Theatre - Reviews
Written by Mike Schulz   
Wednesday, 23 July 2008 02:22

Maggie Woolley and Jake Walker in As Bees in Honey Drown If you diagrammed the experience of the Riverbend Theatre Collective's As Bees in Honey Drown, it would look something like a roller coaster: There'd be an extended incline followed by a precipitous drop, several more inclines each followed by lesser drops, a few twists, and an eventual return to your point of origin. And as with a roller coaster, you might find yourself having a terrific time during Bees' ride, even if your enjoyment wears off quickly, and a few of its shakier moments give you a headache.

 
Glove Stories: "Almost, Maine," at the Harrison Hilltop Theatre through July 26 PDF Print E-mail
Theatre - Reviews
Written by Mike Schulz   
Wednesday, 23 July 2008 02:19

Jessica Stratton and Daniel Schaub in Almost, Maine For romantic comedies that display a proudly eccentric or whimsical bent, it's a fine line between aw-w-w-w and u-u-u-ugh. And playwright John Cariani's Almost, Maine - a series of comically romantic vignettes that involves 19 Northeasterners in a frigid American province - seems almost designed to encourage irritated sighs and eye-rolling amongst its more jaded attendees. It's the sort of literal-minded fantasy in which one character carries the remnants of her broken heart in her purse, and another returns to her boyfriend's apartment with armfuls of "all the love you ever gave me," and angrily dumps them on the floor.

 
Alien Resurrection: "The Foreigner," at the Timber Lake Playhouse through July 26 PDF Print E-mail
Theatre - Reviews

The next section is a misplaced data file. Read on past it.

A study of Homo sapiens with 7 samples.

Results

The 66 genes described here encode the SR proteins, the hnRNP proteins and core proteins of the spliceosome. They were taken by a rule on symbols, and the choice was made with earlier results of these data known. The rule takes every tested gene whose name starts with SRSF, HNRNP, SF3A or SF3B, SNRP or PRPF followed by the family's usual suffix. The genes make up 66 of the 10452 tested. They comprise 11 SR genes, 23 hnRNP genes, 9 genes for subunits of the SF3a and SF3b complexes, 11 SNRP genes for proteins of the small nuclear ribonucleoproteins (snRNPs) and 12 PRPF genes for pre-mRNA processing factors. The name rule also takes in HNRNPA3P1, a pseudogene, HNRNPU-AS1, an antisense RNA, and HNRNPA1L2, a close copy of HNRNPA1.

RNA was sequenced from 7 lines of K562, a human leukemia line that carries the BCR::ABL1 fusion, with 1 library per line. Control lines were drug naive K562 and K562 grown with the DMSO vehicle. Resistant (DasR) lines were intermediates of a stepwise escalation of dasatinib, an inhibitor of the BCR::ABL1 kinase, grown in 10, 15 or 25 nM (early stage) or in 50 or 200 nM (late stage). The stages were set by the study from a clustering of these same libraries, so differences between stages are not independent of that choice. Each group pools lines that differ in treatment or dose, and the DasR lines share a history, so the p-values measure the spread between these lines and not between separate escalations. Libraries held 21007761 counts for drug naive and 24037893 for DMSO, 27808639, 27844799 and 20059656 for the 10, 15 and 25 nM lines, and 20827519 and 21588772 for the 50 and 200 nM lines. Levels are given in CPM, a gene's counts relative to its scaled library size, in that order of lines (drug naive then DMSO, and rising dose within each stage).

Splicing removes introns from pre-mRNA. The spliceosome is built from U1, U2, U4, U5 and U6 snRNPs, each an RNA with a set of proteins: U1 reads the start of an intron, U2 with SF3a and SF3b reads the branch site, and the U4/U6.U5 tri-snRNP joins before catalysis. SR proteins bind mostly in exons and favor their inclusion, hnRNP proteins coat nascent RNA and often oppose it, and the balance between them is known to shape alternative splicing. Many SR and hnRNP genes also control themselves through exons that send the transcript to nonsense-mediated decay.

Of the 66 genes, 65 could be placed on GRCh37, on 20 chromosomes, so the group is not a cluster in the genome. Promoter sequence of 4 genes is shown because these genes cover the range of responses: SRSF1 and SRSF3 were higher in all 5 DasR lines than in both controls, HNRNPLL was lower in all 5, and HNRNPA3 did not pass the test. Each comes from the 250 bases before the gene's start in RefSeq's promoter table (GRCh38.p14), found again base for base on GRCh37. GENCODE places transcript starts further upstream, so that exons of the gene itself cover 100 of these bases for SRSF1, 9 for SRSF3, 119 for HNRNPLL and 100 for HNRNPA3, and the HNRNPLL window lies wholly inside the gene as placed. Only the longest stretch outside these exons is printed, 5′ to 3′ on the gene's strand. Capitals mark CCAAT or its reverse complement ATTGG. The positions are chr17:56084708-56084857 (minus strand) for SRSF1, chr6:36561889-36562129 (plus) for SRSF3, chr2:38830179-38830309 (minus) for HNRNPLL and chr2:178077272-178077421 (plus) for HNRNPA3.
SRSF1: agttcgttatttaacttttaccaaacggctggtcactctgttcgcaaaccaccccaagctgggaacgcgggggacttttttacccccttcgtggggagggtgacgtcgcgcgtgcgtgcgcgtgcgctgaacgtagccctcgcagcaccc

Written by Mike Schulz   
Wednesday, 23 July 2008 02:16

Zachary Gray, Jenny Guse, Jeremy Day, and Kitty Karn in The Foreigner If you've ever had the desire to catch British comedian Rowan Atkinson on stage, especially as his famed Mr. Bean character, the Timber Lake Playhouse's presentation of The Foreigner may well satisfy your urge - the wizardly Jeremy Day is performing mime-clown routines that Atkinson himself would be happy to steal from.

 
The Odes of March: "Little Women," at the Prospect Park Auditorium through July 20 PDF Print E-mail
Theatre - Reviews
Written by Mike Schulz   
Wednesday, 16 July 2008 02:47

Erin O'Shea and J. Adam Lounsberry in Little Women In Louisa May Alcott's Little Women, the storytelling and language are already so musical that the decision to adapt the author's tale into a musical seems a little redundant. But as redundancies go, the musical version of Little Women is actually pretty good, and under the direction of Bob Williams, Quad City Music Guild's take on the show is pretty damned good - marvelously designed, staged, sung, and (apart from two glaringly inappropriate performances) acted. Alcott purists may gripe, and not without cause, but it'd be hard to gripe about Music Guild's presentation of the material, and, I think, impossible to gripe about the portrayal of Erin O'Shea, whose stunningly radiant turn as Jo March seems reason enough for the existence of a Little Women musical.

 
You Gotta Lovett: "Sweeney Todd," at the Clinton Area Showboat Theatre through July 27 PDF Print E-mail
Theatre - Reviews
Written by Mike Schulz   
Wednesday, 16 July 2008 02:43

Dallas Milholland and Blake Adams in Sweeney Todd There were a fair number of shocks at Saturday's presentation of the Clinton Area Showboat Theatre's Sweeney Todd, the Demon Barber of Fleet Street. But one of the biggest came before the show even started: When the house lights dimmed, I looked down from my chair in the Showboat's balcony, and gazed upon ... nearly a half-dozen rows of completely unfilled seats.